As an introduction to this much neglected subject, John Mackay looks at what the Law in the Old Testament entails and how it should be as valued now. “The law from your mouth is more precious to me than thousands of pieces of silver and gold.” (Psalm 119:72).
How does the coming of Christ and the completion of His work effect the relevance and function of the Law in the New Testament? This lecture, among other things, looks at how Jesus himself and the Apostle Paul regarded the Law.
As a conclusion to the series, John Mackay assesses the application of biblical law to politics today. At the end of the lecture Prof. Mackay answers of questions about the series as a whole.
Professor Mackay talks about how and why the 39 books of the Old Testament and 27 books of the New Testament are in our Bible today. Including why certain books, such as those in the Apocrypha, should not be regarded as the Word of God.
How similar is the text we read in our Bibles to that of the original documents? Which of the many available ‘texts’ should Bibles be translated from, and how should they be translated? John Mackay carefully answers these important questions.
“In the beginning God created the heavens and the earth.” (Genesis 1:1)”By faith we understand that the universe was formed at God’s command, so that what is seen was not made out of what was visible.” (Hebrews 11:3)
“I will establish my covenant as an everlasting covenant between me and your descendants after you for the generations to come, to be your God and the God of your descendants after you.” (Genesis 17:7)”Because of this oath, Jesus has become the guarantee of a better covenant.” (Hebrews 7:22)
“With my great power and outstretched arm I made the earth and its people and the animals that are on it, and I give it to anyone I please.” (Jeremiah 27:5)”His dominion is an eternal dominion; his kingdom endures from generation to generation. All the peoples of the earth are regarded as nothing. He does as he pleases with the powers of heaven and the peoples of the earth. No-one can hold back his hand or say to him: ‘What have you done?’” (Daniel 4:34-35)
“I will also appoint him my first-born, the most exalted of the kings of the earth. I will maintain my love to him for ever, and my covenant with him will never fail.” (Psalm 89:27-28)”He will be clothed with majesty and will sit and rule on his throne. And he will be a priest on his throne. And there will be harmony between the two.” (Zechariah 6:13)
“Yet you are enthroned as the Holy One; you are the praise of Israel.” (Psalm 22:3)”Let everything that has breath praise the Lord. Praise the Lord.” (Psalm 150:6)
Series: Knowing God
“Know that the LORD is God. It is he who made us, and we are his; we are his people, the sheep of his pasture.” (Psalm 100:3)”And we know that in all things God works for the good of those who love him, who have been called according to his purpose.” (Romans 8:28)
If we are to be bold in standing for Christian truth, especially under pressure, it is vital that we are convinced that the Bible is true and without error in all that it affirms. This includes the Bible’s teaching on science, history and morality as well as theology.
Man as steward, entrusted with dominion over all the earth, is the subject of this lecture.
The Ten Commandments are more neglected in our country today than they have been for centuries. Does the Bible teach that The Ten Commandments are true and lasting – for all people in every society?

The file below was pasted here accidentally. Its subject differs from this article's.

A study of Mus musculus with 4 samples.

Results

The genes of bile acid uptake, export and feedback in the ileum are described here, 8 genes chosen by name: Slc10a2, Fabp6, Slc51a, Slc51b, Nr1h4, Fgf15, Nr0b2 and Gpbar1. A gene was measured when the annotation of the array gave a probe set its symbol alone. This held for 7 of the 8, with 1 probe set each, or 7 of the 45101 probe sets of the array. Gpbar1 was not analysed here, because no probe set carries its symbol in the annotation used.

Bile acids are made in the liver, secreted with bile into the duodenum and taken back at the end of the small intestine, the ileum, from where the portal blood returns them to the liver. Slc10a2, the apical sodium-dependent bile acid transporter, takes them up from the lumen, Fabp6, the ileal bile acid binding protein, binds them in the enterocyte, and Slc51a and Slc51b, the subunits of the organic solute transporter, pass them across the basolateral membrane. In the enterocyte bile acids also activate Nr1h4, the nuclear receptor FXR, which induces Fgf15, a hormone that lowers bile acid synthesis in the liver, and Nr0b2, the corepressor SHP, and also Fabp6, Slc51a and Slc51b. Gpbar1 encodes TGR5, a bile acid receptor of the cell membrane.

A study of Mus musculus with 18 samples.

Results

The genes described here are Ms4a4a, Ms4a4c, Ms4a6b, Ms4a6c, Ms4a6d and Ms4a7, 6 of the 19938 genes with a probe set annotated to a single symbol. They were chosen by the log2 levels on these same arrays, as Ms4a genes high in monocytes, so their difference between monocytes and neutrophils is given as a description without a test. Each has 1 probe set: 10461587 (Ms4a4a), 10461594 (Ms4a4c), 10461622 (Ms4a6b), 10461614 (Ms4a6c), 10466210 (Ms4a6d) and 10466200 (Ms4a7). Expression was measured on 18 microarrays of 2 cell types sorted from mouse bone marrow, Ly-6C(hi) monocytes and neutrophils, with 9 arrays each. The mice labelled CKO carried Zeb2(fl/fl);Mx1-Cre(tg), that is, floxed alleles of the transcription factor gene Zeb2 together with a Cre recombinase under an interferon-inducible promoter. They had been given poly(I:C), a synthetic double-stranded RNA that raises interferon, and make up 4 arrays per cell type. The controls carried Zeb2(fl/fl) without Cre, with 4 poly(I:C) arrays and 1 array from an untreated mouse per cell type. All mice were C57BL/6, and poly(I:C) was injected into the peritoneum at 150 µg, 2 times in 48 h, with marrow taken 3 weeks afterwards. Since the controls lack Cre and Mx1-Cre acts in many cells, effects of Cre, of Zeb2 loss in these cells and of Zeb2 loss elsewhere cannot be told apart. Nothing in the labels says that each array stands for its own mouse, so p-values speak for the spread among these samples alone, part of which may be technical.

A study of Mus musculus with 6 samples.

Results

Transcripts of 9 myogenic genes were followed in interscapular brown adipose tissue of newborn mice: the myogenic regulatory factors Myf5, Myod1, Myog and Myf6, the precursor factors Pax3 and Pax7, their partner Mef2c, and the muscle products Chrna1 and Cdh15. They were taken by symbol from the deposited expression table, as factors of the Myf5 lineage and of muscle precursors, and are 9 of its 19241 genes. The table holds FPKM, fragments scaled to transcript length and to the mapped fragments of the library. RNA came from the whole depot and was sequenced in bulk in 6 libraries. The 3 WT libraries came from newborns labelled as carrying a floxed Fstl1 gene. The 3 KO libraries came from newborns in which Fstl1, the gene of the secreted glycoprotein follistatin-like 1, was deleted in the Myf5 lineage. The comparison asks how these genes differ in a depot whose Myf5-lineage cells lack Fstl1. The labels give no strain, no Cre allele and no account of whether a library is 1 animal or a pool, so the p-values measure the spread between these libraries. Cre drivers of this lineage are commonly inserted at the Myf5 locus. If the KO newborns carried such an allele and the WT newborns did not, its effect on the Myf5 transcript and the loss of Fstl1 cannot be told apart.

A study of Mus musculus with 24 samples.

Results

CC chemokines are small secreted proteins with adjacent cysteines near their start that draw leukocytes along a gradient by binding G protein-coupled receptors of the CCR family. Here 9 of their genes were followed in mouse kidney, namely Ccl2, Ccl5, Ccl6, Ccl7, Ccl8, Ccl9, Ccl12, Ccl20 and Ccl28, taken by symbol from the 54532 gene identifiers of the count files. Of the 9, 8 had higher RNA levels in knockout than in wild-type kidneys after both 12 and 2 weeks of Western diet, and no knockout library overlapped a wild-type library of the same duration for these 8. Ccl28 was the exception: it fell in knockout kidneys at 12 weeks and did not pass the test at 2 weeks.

If love is the fulfulment of the law, then do Christians still need the law? If we should obey God’s law, which laws in the Old Testament are still binding on Christians?
The coming of the Messianic King is clearly promised in the Old Testament. Not least in the book of Isaiah – a Messiah bearing the title “the mighty God”, ruling on the throne of David. Does our view of Christ line up with his kingship?
“Yet it was the LORD’s will to crush him and cause him to suffer” (Isaiah 53). The Son of God came to reclaim ruined sinners by taking on the nature of a servant and becoming obedient to death. Are we ready to take up our cross daily and follow him?
We have available to us the inerrant, authoritative and complete Word of God, so of what benefit to us are church creeds? Many battles against error have been fought down through the ages of church history. These battles have often been resolved by the drawing up of statements of sound doctrine. But how should we approach and value these ancient creeds in the modern world, especially in relation to Scripture?
How is the Lord Jesus fully God and fully man? This controversy raged in the 5th Century and was answered at the Council of Chalcedon by addressing the two natures of Christ. His deity and humanity were declared to exist “without confusion, without change, without division, without separation”.This not only helps us in our thinking about Christ but should also elevate our understanding of what it means to be human and teach us how we should live out our lives in the world.
Series: A better covenant
This lecture covers the theme of divine immanence in creation, relating it to Eden, the land promised in the Old Testament, the city of Jerusalem, the Tabernacle and the Temple, and how all these move forward to culminate in Christ.The lecture helps to provide an understanding of how God dwells with his people, and the work of the Holy Spirit. It also sheds light on contemporary issues such as the health and wealth gospel.
Series: First and Last Things
God’s great rescue plan of salvation will lead to the redemption of His people and the restoration of creation itself. What God established in creation is now marred by the fall. But God’s ultimate purpose cannot be thwarted. There will be ultimate fulfilment of all things in the New Heavens and New Earth. This has profound implications for how we live today.